What Inspires Me


Since early childhood, Sharifah has been directed toward a life of art and culture. She draws from her Ojibway roots and knowledge of Woodlands art to create unique works that include everything from acrylic paintings to beadwork to engraving.

In 2009, Sharifah graduated from Vancouver's Northwest Coast Jewellery Arts program under established Haida/Kwakwaka'wakw artist Dan Wallace.

In 2010, Sharifah worked with artists Richard Shorty and Jerry Whitehead, among others, to complete Western Canada’s largest mural along on the outer wall of the Orwell Hotel located at 456 East Hastings in Vancouver.

In 2014, she graduated from two years of formal training in the European goldsmithing tradition at the Vancouver Metal Arts School under the instruction of Gerold Mueller. At the Vancouver Metal Arts School she learned hollow form design, complex soldering techniques, and stone setting. In April of 2015, Sharifah had her first solo exhibition at Lattimer Gallery entitled Sharifah Marsden - Miigwetch. It featured jewellery pieces created during her time at the Vancouver Metal Arts School, as well as a number of paintings.

In 2020, Sharifah had her second solo show titled Anishinaabe Motherhood at Vancouver's C3 Creative Cultural Collaborations and currently is exhibited in a number of galleries.


Artists Statement – Sharifah Marsden

My name is Sharifah Marsden and I am Anishinaabe (Ojibway) artist from the Mississaugas of Scugog Island First Nation, Ontario.  I have a strong respect for traditional approaches to artwork and culture and I am known for my versatility in applications to artistic works.   I received a Certificate for completing the Northwest Coast Jewellery Arts Program at the Native Education College in 2009 and a diploma in Jewellery and Object Design from the Vancouver Metal Arts School in 2015.

My large extended family and I live and work in B.C. - although we are frequent visitors to Mnjikaning First Nation and Scugog Island First Nation. My Aunt (Dr. Rasunah Marsden) is a First Nations Elder for the Mississaugas of Scugog Island First Nation and her cousin (Lorraine McRae) is an Elder and Councilor for the Mnjikaning First Nations. I've been traditionally trained in Beadwork, leather work and pow wow regalia since 1990. I have been learning how to paint woodlands style paintings since 1989 from my mother, Laura Marsden, and have been painting for the last 20 years and have been involved in numerous public art projects over these years.

Looking back on my life and career, many things stand out. I come from a large family of eightchildren and I am the eldest of five daughters. My early years were in a time of living in low income family housing projects in the city, we didn’t have a lot, but we had our sisterhood. My mother taught us at a young age how to do beadwork and she introduced us to Indigenous Elders that also lived in the city who taught traditional crafts, songs, dances and ceremonies.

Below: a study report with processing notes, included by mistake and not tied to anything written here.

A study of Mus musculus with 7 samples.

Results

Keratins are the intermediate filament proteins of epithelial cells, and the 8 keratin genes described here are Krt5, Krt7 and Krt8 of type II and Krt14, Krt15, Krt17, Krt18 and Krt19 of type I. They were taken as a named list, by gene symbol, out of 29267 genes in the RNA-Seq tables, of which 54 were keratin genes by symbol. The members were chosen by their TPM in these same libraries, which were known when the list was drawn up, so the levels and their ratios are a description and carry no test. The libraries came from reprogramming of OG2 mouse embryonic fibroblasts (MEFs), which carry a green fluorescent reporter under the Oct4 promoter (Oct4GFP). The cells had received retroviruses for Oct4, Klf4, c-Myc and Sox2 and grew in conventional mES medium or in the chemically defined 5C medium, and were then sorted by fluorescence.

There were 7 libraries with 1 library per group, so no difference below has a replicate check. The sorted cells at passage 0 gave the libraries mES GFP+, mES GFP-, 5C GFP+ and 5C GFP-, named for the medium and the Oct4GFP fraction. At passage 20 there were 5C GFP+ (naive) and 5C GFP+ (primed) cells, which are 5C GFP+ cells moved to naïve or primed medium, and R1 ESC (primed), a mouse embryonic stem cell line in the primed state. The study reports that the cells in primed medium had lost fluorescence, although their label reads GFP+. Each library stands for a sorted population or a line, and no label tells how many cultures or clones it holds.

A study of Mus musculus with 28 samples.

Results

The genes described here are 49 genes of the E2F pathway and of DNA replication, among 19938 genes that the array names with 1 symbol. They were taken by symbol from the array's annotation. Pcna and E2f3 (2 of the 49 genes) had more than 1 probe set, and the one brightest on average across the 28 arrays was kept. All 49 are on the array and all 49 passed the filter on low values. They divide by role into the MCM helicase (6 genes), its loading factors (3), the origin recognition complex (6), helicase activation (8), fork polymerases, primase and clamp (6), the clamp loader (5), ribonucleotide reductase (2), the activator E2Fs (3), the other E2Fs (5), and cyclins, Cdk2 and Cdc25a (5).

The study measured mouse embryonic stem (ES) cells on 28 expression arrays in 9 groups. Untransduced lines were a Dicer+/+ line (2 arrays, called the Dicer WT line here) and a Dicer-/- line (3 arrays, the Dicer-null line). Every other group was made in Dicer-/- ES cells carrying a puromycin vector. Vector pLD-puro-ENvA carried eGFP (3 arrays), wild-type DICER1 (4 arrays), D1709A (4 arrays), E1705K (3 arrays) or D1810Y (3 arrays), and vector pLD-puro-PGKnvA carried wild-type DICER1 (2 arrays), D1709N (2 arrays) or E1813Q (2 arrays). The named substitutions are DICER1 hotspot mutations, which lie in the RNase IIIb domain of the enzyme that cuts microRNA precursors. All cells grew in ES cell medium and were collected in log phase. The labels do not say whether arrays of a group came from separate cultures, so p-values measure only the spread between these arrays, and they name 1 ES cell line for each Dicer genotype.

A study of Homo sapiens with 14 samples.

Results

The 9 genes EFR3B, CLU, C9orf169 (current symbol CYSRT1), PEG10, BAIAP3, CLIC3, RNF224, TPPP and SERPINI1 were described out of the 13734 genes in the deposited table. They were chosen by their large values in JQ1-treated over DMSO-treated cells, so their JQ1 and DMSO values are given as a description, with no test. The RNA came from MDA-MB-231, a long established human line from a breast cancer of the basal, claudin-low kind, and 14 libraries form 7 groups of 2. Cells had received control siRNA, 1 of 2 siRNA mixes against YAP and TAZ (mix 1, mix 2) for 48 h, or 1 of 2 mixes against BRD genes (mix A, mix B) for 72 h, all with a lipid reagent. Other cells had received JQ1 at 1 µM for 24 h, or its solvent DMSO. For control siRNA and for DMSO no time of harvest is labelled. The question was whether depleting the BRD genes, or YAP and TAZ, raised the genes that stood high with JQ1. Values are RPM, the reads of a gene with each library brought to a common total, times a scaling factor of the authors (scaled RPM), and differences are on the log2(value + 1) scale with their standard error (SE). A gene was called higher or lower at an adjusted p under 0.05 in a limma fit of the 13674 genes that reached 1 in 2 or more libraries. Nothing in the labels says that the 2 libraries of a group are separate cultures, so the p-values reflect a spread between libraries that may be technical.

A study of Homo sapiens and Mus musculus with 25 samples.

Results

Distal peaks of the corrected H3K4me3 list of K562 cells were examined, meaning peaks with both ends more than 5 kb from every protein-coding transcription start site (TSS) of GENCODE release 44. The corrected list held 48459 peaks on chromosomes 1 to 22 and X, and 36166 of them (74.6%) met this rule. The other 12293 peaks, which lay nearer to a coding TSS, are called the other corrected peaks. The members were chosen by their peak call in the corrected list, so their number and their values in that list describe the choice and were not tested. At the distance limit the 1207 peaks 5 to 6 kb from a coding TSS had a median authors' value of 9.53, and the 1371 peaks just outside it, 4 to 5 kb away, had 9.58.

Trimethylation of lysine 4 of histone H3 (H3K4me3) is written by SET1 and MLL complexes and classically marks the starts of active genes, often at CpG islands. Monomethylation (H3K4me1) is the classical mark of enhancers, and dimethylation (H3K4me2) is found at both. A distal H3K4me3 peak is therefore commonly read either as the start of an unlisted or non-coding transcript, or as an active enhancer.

One of my fondest memories was of my mother sitting at the kitchen table painting in the late evenings, when the house was quiet and the little ones were sleeping. This is where I first learned how to paint and I have been in love with painting ever since. Later, I attended Langara College’s Fine Arts program for two years. My mother told me to always incorporate my culture into all of my projects, so that that my style would develop throughout all forms of training. Another of my big inspirations is pow wow dancing, I danced jingle dress, and many of my friends and relatives were dancers too. Capturing my imagination still is the colorful beadwork, with geometric and floral designs, and the flow of feathers, fringes, and ribbons.

My involvement in large scale public projects began in 2010. With my mentorship for the largest Aboriginal mural in western Canada, the 7600 square foot Through the Eye of the Raven in 2010. Since then I have attained an extensive knowledge of all aspects of murals and especially enjoy collaborative efforts with other Indigenous Artists (Jerry Whitehead and Cory Bulpitt) in the work of creating other murals:  the “Honoring Our Women” Mural 2015 at the Native Education College, the “Healing Blanket” Mural 2017 in the Downtown East Side of Vancouver as a memorial for those who we have lost due to opioid overdose.

Through community-engaged work, I enjoy passing on my skills and experience to others. I also enjoy meeting other artists and encouraging the different styles, and engaging in the dance of collaboration is an uplifting and energizing experience. I enjoy the challenge of learning and incorporating a variety of ideas to find the group’s commonalities and the values that brings the vision together.